Houston’s largest annual transgender community event celebrates 22 years.
by Megan Smith
Photo by Dalton DeHart
The Houston Transgender Unity Banquet—the city’s largest annual transgender community event—celebrates its 22nd year on September 20 at the Sheraton Houston Brookhollow Hotel. Traditionally held in April, this is the first year the banquet is being held in the fall.
The event is hosted by the Houston Transgender Unity Committee, which acts as a bridge between the city’s multiple transgender groups. Through the committee, representatives from all factions of the trans community—transwomen, transmen, intersex individuals, cross-dressers, and more—come together and plan the community’s major events, such as Pride and the Transgender Day of Remembrance.
This year, the committee is honored to have clinician, educator, organizer, advocate, and filmmaker Joe Ippolito as the banquet’s keynote speaker. While Ippolito earns his living as a clinician working in the behavioral health field, he has also been on the forefront of the transgender rights movement, and co-created the transgender film festival, “Gender Reel.” The festival has taken off since its launch in Philadelphia in 2011, simultaneously taking place in six different cities, with Houston on its horizon for 2015. “I can’t tell you what an honor it was to be asked to speak at the banquet,” Ippolito says. “I am honored to speak, learn more about the work the Houston Transgender Unity Committee is doing, as well as share information about Gender Reel with others.”
In addition to his work with Gender Reel, Ippolito has also created his first film, Growing Old Gracefully: The Transgender Experience, which addresses aging within the transgender community. “That’s a topic that people don’t really think about,” says Koomah, a Houston Transgender
Unity Committee board member. “Joe Ippolito recently turned 40. With that, he kind of had this crisis of ‘I’m getting older. What does this look like for a transgender individual?’ He started thinking about different aspects of that—everything from how do synthetic hormones affect me later on in life, to if I’m going to be in a nursing home, are they going to respect my preferred name and pronouns? So the film really touches on some of those things.” Ippolito’s film is to be screened prior to the banquet on September 13 at 4:30 p.m. in Room 106 at The Montrose Center.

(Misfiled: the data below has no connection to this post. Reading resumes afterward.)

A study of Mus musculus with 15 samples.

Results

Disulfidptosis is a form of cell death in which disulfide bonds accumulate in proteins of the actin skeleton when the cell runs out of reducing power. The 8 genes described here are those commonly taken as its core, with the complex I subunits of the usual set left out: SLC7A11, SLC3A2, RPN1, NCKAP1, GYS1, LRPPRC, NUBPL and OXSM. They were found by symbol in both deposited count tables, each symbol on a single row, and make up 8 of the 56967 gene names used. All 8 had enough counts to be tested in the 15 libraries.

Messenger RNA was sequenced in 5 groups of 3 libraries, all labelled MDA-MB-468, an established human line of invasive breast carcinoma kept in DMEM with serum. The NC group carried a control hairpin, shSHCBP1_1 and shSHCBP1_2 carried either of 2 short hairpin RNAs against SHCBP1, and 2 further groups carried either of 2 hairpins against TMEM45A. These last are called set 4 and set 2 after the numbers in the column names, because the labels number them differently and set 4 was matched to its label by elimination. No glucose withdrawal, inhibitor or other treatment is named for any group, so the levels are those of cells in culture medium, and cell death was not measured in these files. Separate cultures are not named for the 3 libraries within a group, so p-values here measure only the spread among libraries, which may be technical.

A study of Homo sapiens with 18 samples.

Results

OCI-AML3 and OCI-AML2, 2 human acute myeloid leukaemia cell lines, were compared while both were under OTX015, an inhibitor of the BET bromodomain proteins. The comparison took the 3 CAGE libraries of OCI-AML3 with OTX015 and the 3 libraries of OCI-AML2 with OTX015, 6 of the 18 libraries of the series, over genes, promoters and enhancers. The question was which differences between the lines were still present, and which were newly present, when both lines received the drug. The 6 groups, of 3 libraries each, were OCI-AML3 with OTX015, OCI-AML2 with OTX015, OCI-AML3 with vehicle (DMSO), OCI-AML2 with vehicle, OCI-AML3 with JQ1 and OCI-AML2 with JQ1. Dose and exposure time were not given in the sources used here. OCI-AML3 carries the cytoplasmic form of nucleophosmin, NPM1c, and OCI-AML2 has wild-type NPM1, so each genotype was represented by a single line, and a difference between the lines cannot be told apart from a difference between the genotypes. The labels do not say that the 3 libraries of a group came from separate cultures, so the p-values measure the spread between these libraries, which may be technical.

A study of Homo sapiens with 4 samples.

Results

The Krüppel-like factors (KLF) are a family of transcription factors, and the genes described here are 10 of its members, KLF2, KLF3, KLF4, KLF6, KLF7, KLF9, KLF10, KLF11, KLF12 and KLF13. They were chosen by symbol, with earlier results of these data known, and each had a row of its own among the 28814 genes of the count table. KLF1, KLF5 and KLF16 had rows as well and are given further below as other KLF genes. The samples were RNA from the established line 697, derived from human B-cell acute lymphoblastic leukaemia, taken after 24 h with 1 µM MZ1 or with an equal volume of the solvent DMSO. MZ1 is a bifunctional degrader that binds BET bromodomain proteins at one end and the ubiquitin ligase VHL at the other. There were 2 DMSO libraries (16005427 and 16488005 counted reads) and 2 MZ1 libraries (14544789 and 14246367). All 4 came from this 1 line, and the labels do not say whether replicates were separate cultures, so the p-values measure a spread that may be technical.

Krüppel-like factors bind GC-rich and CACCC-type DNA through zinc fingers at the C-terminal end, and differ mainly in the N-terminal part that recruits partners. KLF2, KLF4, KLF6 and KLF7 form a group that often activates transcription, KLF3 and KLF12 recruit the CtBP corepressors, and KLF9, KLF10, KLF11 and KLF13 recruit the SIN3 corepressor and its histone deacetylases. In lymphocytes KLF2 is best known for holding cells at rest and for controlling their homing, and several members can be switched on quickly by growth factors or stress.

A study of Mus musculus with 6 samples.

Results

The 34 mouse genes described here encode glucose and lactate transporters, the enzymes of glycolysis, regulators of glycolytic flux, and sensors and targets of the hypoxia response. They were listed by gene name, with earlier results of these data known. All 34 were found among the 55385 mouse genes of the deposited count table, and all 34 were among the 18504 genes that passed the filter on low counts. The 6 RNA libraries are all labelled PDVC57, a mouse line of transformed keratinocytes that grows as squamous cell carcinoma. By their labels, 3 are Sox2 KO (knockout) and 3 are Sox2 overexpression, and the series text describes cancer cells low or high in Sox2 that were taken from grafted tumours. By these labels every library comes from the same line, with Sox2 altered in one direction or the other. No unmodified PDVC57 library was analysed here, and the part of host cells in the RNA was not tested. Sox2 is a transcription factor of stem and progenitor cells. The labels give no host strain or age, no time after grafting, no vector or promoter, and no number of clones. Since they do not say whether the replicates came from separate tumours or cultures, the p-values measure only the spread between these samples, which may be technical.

A major part of the proceeds from the Transgender Unity Banquet help fund the committee’s scholarships for well-deserving recipients who have advocated for the transgender community and displayed honorable qualities such as integrity and honesty. Each scholarship is awarded for at least $1,000. “Our main focus is on awarding scholarships to transgender individuals of any age seeking higher education,” Koomah says. “But we do award to non-transgender individuals who have stood up for the trans community as well.”
The Houston Transgender Unity Committee is also hoping to use funds from the banquet to secure a physical space for local trans groups to use as a community center, Koomah says. The center would offer free HIV testing, serve as a drop-in space, and offer food and other necessities to help serve the trans population, which has one of the highest rates of homelessness and new HIV infections.
“The banquet is representational of what activism in this community is all about—honoring and acknowledging allies and advocates in Houston working to create social change for the gender nonconforming/trans community,” Ippolito says. “The gender nonconforming/trans community cannot stand alone in this fight. We need others to help it along, and those folks need to be recognized as well.”
What: Houston Transgender Unity Banquet
When: September 20 at 6:30 p.m.
Where: Sheraton Houston Brookhollow Hotel, 3000 North Loop West Freeway
Tickets/info: $65–$85, unitybanquet.com (tickets will also be available during the film screening at The Montrose Center on September 13).